Excerpted from The Password Book.
One of the most common ways to be scammed online is to fall victim to a “phishing email.” (See http://jmlinks.com/36h for a definition).
You are sent an email that purports to be from a friend or relative, your bank or credit card company, PayPal, Google, or Facebook, or perhaps one that claims you’ve won a sweepstakes or even a large sum in the lottery. All you have to do is click on an attachment, which may look like a harmless Microsoft Word document or even a common Adobe PDF. Another variant is to trick you into “reverifying” your login and password at a “spoofed website,” a website that looks like Amazon, Gmail, Facebook, etc., but really isn’t.
By clicking on the email attachment, however, you install a virus or malware program to your computer that surreptitiously gives the thieves full control of your device. Or, if you reverify on the phony website, you’ve given the thieves access to your account. If you fall for it, in other words, you’ve been “phished.”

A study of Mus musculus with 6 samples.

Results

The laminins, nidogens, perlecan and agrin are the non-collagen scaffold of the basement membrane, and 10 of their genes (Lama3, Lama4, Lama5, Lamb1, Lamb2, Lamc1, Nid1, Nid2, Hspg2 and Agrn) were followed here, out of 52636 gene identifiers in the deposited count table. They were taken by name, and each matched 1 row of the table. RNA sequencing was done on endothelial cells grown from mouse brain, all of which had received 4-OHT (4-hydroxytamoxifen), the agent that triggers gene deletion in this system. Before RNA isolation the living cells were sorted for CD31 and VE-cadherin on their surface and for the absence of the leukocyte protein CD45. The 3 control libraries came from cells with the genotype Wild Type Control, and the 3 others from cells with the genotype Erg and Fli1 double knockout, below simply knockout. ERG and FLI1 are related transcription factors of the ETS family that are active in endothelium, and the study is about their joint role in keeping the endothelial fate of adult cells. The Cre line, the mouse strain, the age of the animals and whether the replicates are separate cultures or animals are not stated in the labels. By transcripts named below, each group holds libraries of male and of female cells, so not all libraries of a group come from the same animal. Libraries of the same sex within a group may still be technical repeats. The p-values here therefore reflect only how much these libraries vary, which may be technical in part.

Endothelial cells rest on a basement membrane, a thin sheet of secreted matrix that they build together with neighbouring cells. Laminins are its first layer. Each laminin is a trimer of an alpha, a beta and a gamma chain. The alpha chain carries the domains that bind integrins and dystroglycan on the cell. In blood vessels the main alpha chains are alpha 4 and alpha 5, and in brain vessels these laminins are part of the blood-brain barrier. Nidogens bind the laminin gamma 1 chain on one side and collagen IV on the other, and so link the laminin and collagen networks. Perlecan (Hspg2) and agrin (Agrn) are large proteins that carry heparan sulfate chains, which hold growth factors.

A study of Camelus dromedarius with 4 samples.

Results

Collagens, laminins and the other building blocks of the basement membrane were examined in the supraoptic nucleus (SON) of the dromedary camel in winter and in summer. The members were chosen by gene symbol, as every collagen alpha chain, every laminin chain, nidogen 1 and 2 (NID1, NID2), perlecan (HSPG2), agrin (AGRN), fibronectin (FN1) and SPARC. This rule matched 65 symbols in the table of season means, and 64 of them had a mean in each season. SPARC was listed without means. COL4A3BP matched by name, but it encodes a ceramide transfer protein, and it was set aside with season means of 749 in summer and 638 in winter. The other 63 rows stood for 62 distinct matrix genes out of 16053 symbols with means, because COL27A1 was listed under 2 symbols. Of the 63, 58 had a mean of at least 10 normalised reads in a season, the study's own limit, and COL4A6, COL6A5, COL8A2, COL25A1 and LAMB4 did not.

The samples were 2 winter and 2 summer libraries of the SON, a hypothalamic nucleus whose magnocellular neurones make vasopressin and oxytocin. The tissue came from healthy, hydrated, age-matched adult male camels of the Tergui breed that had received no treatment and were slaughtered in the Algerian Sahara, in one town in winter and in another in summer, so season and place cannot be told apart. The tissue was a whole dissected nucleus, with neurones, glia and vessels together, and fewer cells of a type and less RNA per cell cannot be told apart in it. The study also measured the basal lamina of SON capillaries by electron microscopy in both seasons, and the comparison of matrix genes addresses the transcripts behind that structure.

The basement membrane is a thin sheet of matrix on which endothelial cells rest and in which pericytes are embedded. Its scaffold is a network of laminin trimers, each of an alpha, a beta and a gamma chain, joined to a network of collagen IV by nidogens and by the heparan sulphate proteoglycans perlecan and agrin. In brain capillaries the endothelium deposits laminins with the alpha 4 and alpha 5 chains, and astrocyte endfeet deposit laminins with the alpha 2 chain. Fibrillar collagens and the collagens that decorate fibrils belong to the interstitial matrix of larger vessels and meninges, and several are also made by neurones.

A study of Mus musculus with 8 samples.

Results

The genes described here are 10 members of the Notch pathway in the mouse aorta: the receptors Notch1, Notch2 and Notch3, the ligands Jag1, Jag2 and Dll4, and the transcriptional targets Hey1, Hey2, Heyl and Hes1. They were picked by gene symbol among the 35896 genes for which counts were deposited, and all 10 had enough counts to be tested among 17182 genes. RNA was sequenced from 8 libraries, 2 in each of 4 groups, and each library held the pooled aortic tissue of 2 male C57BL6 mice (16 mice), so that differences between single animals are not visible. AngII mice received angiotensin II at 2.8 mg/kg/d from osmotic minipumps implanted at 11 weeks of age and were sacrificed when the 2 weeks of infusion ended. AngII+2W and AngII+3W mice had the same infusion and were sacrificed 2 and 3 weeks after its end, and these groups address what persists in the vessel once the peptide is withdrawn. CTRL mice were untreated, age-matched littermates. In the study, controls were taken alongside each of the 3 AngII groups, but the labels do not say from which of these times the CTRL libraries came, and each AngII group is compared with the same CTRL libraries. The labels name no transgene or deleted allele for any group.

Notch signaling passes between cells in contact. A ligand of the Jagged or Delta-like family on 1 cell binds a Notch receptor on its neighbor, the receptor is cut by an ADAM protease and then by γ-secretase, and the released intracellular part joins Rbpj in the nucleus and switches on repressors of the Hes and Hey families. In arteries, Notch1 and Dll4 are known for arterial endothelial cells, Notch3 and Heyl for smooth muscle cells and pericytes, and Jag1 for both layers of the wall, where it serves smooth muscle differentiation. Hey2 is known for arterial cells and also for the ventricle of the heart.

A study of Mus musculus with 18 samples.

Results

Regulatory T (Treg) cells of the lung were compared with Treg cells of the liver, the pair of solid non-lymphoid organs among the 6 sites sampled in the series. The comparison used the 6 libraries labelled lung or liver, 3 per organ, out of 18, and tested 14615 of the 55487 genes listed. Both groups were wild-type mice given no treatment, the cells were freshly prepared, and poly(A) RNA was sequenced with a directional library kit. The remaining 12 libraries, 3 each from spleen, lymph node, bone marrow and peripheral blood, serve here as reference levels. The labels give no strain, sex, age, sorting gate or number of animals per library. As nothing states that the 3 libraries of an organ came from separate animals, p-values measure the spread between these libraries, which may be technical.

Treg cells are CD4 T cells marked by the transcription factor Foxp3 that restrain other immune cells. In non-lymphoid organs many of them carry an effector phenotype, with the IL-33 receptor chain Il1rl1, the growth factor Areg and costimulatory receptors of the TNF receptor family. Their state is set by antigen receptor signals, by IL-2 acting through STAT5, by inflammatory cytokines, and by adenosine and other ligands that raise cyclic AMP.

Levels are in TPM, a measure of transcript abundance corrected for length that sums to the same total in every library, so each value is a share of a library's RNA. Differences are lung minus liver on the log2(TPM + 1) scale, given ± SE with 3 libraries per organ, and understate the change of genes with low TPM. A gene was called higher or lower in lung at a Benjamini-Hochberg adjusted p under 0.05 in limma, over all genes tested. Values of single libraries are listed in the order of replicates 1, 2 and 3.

And if you think you’re too smart to be “phished” by phone or by email, yet another variant of phishing is spearphishing, in which first they “phish” a friend of yours, and then they impersonate that friend via email or Facebook to trick you into clicking on an attachment or providing key information. In this template, you don’t get an email that pretends to be your bank, Amazon, Facebook, Gmail, AOL, etc., but rather you get an email that pretends to be a friend or colleague, and that email tricks you into giving out required information. The spearphishing request can come by email but scammers can also use Facebook messenger or posts, or any other communication technology. (This is how John Podesta, Chairman of Hillary Clinton’s 2016 Presidential Campaign was tricked into giving access to his emails, and – as they say – the rest is history).